Sea turtles face numerous obstacles to survival, but conservationists are determined to give them a helping hand.

Enter Allman, who came to Ghana as a Fulbright Scholar to establish the first long-term sea turtle research and conservation program in Ghana. It’s a joint project with the University of Ghana to collect data on nesting and population trends.

Allman started HATCH, a U.S.-based nonprofit organization to raise money for turtle programs. He created a website, and persuaded the Bradt travel guide to publish the turtle information.

Agyeman says this nesting season — November through March — has been the best for tourism. They’re on course for 150 tourists, compared to fewer than 10 when the project began in 2006.

“The year that we see more turtles, we have more visitors,” he said. “It looks like people come and see, then go tell their friends, and they also come.”

Tourists arrange the turtle walks through Agyeman, who provides transportation between hotels and the beach. A Ghana Wildlife guide escorts the tourists on the walk. Allman and his researchers, who survey the beach on ATVS from about 9 p.m. to 3 a.m., call guides to give turtle locations.

“It’s helping the tourism industry here,” said Gad Ackwerh, owner of the Cocoloko Beach Resort hotel, adding that business is up 15 percent from five years ago.

Allman includes hotel contact information on his website.

“The goal is to show the local communities here that there’s an economic benefit to having turtles on the beach,” said 35-year-old Allman, who returns to Ghana each December. “[Villagers] see more and more tourists coming in, bringing their money to buy food in the market, to eat the restaurants, to stay at the hotels. That supports and benefits everyone, including the turtles.”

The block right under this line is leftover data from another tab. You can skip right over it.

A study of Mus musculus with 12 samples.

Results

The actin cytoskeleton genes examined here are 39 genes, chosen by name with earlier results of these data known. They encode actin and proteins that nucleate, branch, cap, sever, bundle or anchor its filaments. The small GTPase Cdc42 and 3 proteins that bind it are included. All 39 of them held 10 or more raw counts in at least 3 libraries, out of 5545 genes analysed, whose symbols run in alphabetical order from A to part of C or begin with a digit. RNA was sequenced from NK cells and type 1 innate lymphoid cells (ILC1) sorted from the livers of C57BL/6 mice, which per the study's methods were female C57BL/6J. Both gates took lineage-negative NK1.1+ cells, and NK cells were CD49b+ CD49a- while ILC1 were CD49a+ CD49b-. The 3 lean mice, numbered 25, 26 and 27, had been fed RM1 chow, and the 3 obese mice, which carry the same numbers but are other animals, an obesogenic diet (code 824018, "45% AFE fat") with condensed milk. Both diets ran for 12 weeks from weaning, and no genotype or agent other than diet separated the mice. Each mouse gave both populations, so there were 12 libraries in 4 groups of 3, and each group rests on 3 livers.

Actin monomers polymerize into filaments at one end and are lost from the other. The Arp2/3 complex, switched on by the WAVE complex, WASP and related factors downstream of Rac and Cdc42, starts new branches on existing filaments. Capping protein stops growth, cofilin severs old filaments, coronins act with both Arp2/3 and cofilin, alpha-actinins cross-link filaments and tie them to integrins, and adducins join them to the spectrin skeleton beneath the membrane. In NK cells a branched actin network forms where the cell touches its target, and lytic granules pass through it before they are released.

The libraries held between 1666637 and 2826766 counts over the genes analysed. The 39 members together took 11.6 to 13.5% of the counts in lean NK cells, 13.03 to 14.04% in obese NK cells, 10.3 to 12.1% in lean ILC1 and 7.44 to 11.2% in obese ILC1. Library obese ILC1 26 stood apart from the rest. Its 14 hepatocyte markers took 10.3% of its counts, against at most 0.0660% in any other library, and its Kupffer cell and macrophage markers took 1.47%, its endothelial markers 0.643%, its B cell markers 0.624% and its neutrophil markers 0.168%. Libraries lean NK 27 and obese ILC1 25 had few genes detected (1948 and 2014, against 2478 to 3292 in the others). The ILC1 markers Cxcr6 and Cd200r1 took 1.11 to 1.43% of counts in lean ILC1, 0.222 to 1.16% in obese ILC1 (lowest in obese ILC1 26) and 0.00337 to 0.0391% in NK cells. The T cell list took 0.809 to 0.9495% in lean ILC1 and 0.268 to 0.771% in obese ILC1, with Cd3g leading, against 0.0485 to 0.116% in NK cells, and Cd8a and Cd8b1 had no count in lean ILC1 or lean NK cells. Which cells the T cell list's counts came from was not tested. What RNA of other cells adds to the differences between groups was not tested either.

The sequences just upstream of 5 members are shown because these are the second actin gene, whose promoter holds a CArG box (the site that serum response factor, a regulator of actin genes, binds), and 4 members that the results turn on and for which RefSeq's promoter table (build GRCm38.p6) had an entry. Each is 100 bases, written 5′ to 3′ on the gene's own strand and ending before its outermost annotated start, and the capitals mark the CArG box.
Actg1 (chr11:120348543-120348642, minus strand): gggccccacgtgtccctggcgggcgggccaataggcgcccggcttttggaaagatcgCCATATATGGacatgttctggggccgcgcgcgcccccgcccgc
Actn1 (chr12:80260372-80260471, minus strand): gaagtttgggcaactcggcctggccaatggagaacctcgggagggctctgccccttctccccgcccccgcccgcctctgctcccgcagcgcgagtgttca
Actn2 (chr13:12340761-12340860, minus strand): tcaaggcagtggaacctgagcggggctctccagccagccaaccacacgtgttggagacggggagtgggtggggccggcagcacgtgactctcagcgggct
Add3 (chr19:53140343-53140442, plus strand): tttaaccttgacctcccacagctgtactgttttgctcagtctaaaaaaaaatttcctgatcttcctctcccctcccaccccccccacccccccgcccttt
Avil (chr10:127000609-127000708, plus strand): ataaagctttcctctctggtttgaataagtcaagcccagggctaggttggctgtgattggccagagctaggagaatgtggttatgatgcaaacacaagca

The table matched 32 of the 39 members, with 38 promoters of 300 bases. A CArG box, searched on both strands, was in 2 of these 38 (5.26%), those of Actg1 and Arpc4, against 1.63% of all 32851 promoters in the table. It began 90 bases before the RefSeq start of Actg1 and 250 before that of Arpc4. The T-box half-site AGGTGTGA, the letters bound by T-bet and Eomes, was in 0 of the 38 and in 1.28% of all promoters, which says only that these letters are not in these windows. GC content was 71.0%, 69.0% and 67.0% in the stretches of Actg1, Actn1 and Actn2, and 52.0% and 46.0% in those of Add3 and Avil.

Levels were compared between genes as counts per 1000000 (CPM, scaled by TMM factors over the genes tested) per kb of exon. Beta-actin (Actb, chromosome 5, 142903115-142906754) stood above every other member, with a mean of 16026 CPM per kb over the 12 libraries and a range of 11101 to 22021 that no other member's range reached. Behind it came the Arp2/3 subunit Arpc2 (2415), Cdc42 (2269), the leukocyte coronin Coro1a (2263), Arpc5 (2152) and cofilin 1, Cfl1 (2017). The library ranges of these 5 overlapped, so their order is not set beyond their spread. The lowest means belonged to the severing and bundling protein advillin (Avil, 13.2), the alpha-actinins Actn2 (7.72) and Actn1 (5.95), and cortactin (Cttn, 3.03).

A local watermelon farmer, who identified himself as Victor, said the community would earn more revenue if turtles were captured and put on display so tourists could pay to see them during the daytime.

Turtles nest every two or three years, so for data to be useful, the program must survive long term. Unlike the past two seasons, this nesting season has been busy, for example. The leatherback featured in the accompanying photo, taken Dec. 17, was tagged two weeks prior so it was at least her second trip to the beach. They can nest up to eight times in a season, producing up to 800 eggs. Those surviving into adulthood can live up to 100 years.

Allman’s team this season attached satellite tags on four olive ridley turtles to gain more clues about migration patterns. Sea turtles can swim thousands of miles between feeding and nesting areas. They nest in tropical and sub-tropical areas, including along beaches in North Carolina and southward, and the Gulf of Mexico.

The success over the past few years has attracted interest across Ghana. A team from the University of Cape Coast visited Ada Foah recently, watching the tagging process and talking to Ghana Wildlife officials. They hope to replicate the program for Ghana’s central and western coastline.

“We’ve learned quite a lot,” said K.A. Monney, a professor in the university’s entomology and wildlife department. “Public relations is very important. In our part of the world establishing a very good community relationship with the scientific community is paramount.”

Monney had never seen a sea turtle before Dec. 17, when he caught a glimpse of the leatherback — estimated weight 1,700 pounds — and an olive ridley the same night.

“I didn’t consider that it’s such a huge monster, especially the leatherback,” he said.